Two Arkansas prison inmates slated to die today have reprieves - one to allow lawyers to try to prove his innocence, and the other to allow the state to find a court-approved method of carrying out his execution.

Lawyers for Stacy Johnson, 47, who was convicted of the 1993 murder of a 25-year-old mother of two, won a stay Wednesday from the Arkansas Supreme Court after arguing DNA testing could prove his innocence.

“Some items have never been tested,” Jeff Rosenzweig, Johnson’s lawyer, said. “We should be able to use these new techniques, but we’ve been denied that so far.”

A similar bid by Ledell Lee, 51, who was also scheduled to be executed Thursday has not been approved. The American Civil Liberties Union and the Innocence Project, who have taken over Lee's case, argue that Lee has an intellectual disability that resulted from fetal alcohol syndrome. They also said he suffered from “horrible legal counsel.”

Lee was convicted ot the 1993 murder of 26-year-old Debra Reese, who he beat with a tire iron her husband had given her for protection.

The two are among a group of eight convicted killers the state plans to put to death by the end of the month, but the executions have been delayed by challenges involving a controversial lethal injection drug. On Wednesday, Pulaski County Circuit Judge Alice Gray ruled the state could not use the drug vecuronium bromide in any of its executions, putting Lee's execution on hold - at least temporarily.

"Irreparable harm will result. Harm that could not be addressed by (monetary) damages," Gray said in a ruling from the bench, siding with the medical supply company McKesson Corp., who accused the state of misrepresenting its use of the drug and sued to stop its use in executions.

In the case heard by Gray, a state prison official testified that he deliberately ordered vecuronium bromide last year in a way that wouldn't leave a paper trail, relying on phone calls and text messages. Arkansas Department of Correction Deputy Director Rory Griffin said he didn't keep records of the texts, but McKesson salesman Tim Jenkins did. In text messages from Jenkins' phone, which came up at Wednesday's court hearing, there is no mention that the drug would be used in executions.

In still another filing, all eight death row inmates asked the U.S. Supreme Court on Wednesday to block their executions. Three of the inmates already had their capital punishments blocked by other court orders.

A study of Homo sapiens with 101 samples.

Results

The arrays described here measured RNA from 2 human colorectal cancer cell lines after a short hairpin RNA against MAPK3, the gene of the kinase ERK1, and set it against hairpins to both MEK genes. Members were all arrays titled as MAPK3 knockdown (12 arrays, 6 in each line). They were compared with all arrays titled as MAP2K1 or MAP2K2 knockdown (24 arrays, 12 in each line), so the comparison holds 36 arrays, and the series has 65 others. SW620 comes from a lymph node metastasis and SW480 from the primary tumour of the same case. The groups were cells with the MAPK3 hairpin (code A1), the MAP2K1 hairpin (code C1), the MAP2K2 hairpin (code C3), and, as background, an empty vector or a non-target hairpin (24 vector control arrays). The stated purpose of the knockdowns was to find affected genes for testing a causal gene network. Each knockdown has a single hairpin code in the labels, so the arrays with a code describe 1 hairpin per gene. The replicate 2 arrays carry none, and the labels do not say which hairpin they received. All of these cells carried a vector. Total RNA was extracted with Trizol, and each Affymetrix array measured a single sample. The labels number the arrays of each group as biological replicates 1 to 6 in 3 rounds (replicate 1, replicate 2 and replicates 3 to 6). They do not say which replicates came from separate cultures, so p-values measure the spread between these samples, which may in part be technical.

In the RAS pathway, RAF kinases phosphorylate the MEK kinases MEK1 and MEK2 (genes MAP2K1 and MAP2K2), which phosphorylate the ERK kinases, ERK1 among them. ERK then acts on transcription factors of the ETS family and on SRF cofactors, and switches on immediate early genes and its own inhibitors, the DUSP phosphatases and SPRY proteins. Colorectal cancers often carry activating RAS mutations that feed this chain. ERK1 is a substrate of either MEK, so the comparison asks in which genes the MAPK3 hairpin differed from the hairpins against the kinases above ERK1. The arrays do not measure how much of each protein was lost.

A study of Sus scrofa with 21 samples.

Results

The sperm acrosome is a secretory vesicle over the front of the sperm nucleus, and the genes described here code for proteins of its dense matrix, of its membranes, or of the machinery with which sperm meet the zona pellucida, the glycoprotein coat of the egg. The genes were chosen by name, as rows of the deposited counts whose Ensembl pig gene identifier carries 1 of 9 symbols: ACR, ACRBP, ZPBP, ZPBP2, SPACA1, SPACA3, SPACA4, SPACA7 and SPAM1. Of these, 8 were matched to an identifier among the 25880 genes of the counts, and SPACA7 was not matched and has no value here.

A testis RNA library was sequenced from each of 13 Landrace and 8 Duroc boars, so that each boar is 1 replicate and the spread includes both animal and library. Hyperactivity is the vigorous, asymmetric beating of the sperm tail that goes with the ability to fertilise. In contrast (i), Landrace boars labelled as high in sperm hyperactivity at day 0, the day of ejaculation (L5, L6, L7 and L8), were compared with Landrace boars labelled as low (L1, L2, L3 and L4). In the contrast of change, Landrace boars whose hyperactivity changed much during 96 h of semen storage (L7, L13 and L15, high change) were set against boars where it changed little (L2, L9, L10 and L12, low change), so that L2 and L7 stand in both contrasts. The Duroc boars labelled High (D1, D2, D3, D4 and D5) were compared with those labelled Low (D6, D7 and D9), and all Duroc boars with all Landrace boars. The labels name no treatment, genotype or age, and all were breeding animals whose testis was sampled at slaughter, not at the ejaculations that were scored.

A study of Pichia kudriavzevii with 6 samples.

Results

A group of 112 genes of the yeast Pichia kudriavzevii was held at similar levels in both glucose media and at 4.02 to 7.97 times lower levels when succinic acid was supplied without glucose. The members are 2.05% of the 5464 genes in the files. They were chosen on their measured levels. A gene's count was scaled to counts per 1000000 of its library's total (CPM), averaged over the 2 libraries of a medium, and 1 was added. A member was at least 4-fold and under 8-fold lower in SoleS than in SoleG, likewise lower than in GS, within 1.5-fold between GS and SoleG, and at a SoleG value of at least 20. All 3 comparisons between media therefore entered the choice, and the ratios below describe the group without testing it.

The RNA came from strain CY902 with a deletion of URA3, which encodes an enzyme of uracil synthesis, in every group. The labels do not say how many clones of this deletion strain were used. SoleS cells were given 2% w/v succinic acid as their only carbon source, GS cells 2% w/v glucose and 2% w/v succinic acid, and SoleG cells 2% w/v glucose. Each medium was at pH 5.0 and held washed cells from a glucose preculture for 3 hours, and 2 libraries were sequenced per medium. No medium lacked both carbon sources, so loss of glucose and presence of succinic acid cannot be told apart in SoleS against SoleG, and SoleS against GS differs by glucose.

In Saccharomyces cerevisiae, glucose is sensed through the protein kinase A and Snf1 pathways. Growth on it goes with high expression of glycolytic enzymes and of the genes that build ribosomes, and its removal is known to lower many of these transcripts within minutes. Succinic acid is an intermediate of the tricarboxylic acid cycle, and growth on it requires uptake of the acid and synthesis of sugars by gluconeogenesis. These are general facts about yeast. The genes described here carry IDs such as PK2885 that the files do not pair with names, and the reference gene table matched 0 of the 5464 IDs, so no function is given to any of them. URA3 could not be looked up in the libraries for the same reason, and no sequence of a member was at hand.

The state has hit back on every legal challenge and accused defense lawyers of using “dilatory tactics” and “execution eve iteration” to prevent the executions from taking place.

“Petitioners are convicted capital murdered who have enjoyed multiple opportunities to challenge their convictions, sentences and – critically – the method by which they will be lawfully executed,” the state wrote in its filing to the high court. “Their guilt and the justness of their sentences are beyond any dispute.”

The eight scheduled executions over an 11-day period would be the most any state has ever carried out since the death penalty was reinstated in 1976.

Gov. Asa Hutchinson set the aggressive schedule in February and argued it was needed because one of the three drugs the state uses to carry out lethal injections is set to expire at the end of the month.

What followed was a wave of legal challenges and protests from the inmates and anti-death penalty advocates, as well as the drug manufacturer. The court fights have pushed Arkansas to the forefront of the death penalty debate in America.

After Johnson and Lee, the next two men scheduled to die on April 24 are Jack Jones and Marcell Williams, followed by Kenneth Williams on April 27.

The last time two executions were attempted was in Oklahoma in 2014. In that case, the state botched one execution and was forced to call off the other after the combination of drugs the state used failed to kill inmate Clayton Lockett who was left writhing violently on a gurney as officials spent 20 minutes trying to execute him.

Following the grisly outcome, the state called off the second lethal injection.

The Associated Press contributed to this report.